Joe Coury honored with Honor Flight Northeast Indiana in September

Joe Coury will be a passenger on the September Honor Flight Northeast Indiana. Coury is a resident at the Maria Center at Donaldson.
Jamie Stoner
Staff Writer

Joe Coury will be honored in September as a passenger on Honor Flight Northeast Indiana. Coury will be accompanied by his son-in-law Ron Gifford for his trip to the Nation’s capital and tour memorials honoring men and women who served.

Coury served in the United States Navy for 14 years. He joined in 1942 and served through 1956. His service included active and reserve duty including service during World War II.

Though Coury expressed sincere gratitude for the opportunity to take this journey, his smile beamed with joy and pride when he shared about his personal memories from the Navy and his family.

Coury was brought up from humble beginnings. “My father came from Lebanon when he was 15 years old.” Though Coury’s father was removed from school in 4th grade Coury credits him with raising successful children. “My brothers were surgeons and my sister was a medical technician. I am the only one who didn’t enter the medical field but I was successful in business.”

Coury was a sophomore in college attending Washington & Jefferson College (W&J College) in Pennsylvania when Pearl Harbor was bombed. He reminisced, “We all wanted to quit school and fight.” President Roosevelt expressed publicly that educated men would be needed to serve in higher positions within the military. Coury shared, “They wanted career military men at that time.” Coury was sent to Harvard Business School for one year as part of his recruitment process into the Navy.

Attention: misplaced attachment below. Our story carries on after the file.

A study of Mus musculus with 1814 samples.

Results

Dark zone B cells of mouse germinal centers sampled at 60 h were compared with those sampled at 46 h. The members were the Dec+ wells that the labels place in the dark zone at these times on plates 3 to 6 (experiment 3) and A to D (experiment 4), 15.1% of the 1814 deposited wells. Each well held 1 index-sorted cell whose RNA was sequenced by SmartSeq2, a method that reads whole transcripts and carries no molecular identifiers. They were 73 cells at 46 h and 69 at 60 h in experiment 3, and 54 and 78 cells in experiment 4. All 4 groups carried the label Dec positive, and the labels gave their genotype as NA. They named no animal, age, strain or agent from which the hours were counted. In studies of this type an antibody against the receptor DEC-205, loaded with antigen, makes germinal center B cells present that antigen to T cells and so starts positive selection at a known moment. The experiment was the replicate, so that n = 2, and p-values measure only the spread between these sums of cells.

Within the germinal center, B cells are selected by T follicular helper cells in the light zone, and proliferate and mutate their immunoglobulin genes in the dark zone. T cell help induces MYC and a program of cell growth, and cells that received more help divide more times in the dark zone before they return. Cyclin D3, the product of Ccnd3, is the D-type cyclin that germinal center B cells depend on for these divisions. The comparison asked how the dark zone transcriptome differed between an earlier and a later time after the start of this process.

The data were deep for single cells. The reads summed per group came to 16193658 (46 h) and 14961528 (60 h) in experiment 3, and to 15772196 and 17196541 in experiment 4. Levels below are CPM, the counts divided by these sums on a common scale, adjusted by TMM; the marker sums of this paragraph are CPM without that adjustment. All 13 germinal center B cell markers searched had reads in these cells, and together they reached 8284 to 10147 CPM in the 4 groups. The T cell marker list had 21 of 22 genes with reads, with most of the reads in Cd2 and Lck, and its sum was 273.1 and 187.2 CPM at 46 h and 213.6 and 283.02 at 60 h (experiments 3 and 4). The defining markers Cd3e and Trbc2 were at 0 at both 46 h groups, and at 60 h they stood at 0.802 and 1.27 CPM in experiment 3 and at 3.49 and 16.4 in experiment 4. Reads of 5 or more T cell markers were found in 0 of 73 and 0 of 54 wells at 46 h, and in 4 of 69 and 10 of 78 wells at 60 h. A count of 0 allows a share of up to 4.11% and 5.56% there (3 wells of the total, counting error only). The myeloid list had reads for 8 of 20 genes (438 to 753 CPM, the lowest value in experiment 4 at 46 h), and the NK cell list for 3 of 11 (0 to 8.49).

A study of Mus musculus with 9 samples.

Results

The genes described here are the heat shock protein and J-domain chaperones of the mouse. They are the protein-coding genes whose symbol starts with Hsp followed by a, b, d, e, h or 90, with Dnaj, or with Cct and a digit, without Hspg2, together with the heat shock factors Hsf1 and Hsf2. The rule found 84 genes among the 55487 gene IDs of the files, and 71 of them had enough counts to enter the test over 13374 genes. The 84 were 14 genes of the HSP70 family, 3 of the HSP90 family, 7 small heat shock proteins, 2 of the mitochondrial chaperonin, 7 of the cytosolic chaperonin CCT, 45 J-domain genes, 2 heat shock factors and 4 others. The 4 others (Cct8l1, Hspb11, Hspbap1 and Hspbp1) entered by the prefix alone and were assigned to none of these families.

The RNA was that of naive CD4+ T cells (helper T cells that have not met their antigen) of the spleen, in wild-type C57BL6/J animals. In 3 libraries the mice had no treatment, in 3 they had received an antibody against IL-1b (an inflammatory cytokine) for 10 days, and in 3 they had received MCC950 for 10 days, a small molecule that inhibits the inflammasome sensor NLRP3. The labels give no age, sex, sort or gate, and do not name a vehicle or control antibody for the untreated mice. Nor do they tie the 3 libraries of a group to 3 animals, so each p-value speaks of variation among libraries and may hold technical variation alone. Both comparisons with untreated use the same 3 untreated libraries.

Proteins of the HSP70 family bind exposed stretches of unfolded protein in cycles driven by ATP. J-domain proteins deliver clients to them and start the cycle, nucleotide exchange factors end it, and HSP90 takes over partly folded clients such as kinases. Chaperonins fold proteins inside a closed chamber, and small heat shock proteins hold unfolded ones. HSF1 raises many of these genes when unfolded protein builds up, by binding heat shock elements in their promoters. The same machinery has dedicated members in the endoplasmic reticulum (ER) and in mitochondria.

Coury laughed detailing some of his experiences in the Navy. “One of my men secured a clothing iron in a vice upside down and was frying bacon and eggs.” he shared laughing so hard his cheeks grew pink.

Coury was married to Dorothy (Winters) for 71 years before she went to heaven. He smiled from ear to ear, “She was only 5 foot tall.” as he pointed to her picture behind him on his wall.

Coury shared, “We made bracelets out of stainless steal for our wives during the small hours of the night.” Coury shared, “I bought a small jewelry file and made one for her that said ‘Dotty’ and one that said ‘I love you’.”

Coury shared that not all of the men were educated. He would scribe love letters to their girls at home for them at night as they shared with him what they wanted to say. Coury worked since he was five years old. “I walked from my parents produce shop a few blocks to purchase papers. I bought them for a penny and a half a piece and sold them for three cents or more. You didn’t want to be stuck with two or three papers left in your hands at the end of the day, but that rarely happened. At that time business men relied on the paper to monitor the stock market.”

Coury and his wife had three daughters who all completed a college education. One became a nurse, another an English teacher and another a 4th grade elementary school teacher. Coury shared, “I taught my kids to hit the books. My father taught me to hit the books. Though he was not an educated man himself he wanted for us to succeed. He would say, ‘They can take your clothes but they cannot take your education’.”

Coury travelled all over the country and the world as part of his career in the Navy, for his positions in business and for pleasure. “When I got out of the Navy I promised myself I would never set foot on another ship. My wife and I took over 10 cruises.” He laughed.

Coury traveled to Europe, South America, Antarctica, Ireland, Acapulco, Puerto Vallarta, Alaska, and Hawaii. He shared his favorite cruise was a tour of the Scandinavian capitals. “We got to see East Berlin. There was one mile left of the wall when we travelled there. We went to Russia and Finland, Sweden, Denmark and Holland.”

Coury and his wife eventually settled down in Pretty Lake in Plymouth in 1974. He still owns the house he shared with Dorothy. From their three daughters the couple have 19 great grandchildren.

The crucifix that was on his wife’s casket hangs on a nail on Coury’s door visible to all as they come and go. A dainty cross created from Palm Sunday palms embellishes the corner of the frame of her photograph.

Coury will be 96 in November. He shared with a grateful smile, “Life has been good to me. I have had a lot of fun.”